Last reviewed: February 2018
Last updated: December  2017



History and exam

Key diagnostic factors

  • grooves and fissures on the dorsal tongue (fissured tongue)
  • hairy projections on the dorsal midline tongue (hairy tongue)
  • well-demarcated areas of erythema on the dorsal tongue (geographic tongue)
  • atrophic red central zone within patches (geographic tongue)
  • lesions that seem to migrate (geographic tongue)

Other diagnostic factors

  • halitosis (hairy tongue and fissured tongue)
  • bad taste in mouth (hairy tongue)
  • discoloration (hairy tongue and fissured tongue)
  • burning sensation (geographic tongue)
  • oral mucosal pain (hairy tongue)

Risk factors

  • tobacco use (hairy tongue)
  • coffee/tea consumption (hairy tongue)
  • Melkersson-Rosenthal syndrome (fissured tongue)
  • Down syndrome (fissured tongue)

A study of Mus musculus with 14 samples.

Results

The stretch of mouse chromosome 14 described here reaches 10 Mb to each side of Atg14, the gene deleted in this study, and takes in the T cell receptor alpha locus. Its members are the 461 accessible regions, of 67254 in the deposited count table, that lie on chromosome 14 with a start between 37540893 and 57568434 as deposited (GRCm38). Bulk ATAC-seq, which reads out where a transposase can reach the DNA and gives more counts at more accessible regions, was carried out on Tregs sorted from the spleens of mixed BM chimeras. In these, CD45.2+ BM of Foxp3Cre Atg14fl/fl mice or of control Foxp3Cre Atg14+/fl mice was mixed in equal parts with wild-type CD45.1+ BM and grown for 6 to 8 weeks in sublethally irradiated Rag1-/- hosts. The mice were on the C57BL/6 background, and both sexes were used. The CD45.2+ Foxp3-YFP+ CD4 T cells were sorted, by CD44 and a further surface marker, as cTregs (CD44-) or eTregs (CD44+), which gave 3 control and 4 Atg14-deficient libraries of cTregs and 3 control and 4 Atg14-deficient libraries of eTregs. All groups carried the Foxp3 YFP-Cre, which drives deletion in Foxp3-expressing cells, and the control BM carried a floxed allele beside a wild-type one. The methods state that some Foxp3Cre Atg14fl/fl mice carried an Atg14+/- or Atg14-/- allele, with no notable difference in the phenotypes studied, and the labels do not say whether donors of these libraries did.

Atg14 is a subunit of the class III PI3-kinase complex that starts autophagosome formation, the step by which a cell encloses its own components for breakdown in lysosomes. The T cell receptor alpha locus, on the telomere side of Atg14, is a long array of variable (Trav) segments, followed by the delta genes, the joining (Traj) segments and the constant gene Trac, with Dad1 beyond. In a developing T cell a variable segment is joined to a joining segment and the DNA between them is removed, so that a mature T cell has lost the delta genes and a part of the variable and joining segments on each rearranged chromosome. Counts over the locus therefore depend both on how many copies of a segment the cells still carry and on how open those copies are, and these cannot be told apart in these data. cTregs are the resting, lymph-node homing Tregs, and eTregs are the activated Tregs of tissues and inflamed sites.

• poor oral hygiene (hairy tongue)
  • oxidizing mouthwash use (hairy tongue)
  • increasing age (fissured tongue)
  • increasing age (hairy tongue)
  • hyposalivation (hairy tongue)

Diagnostic investigations

Treatment algorithm


Authors VIEW ALL

Consultant Senior Lecturer in Oral Medicine

School of Oral and Dental Science

University of Bristol




KSS declares that he has no competing interests.

Dr Konrad S. Staines would like to gratefully acknowledge Professor Aisha Sethi, the previous contributor to this monograph. AS declares that she has no competing interests.

Peer reviewers VIEW ALL

Consultant Dermatologist

St Mary's Hospital

Imperial College Healthcare NHS Trust




NOD declares that she has no competing interests.

Professor of Oral Pathology

Head of the Department of Oral and Maxillofacial Surgery and Oral Pathology

VU University Medical Centre and Academic Centre for Dentistry


The Netherlands


IVDW declares that he has no competing interests.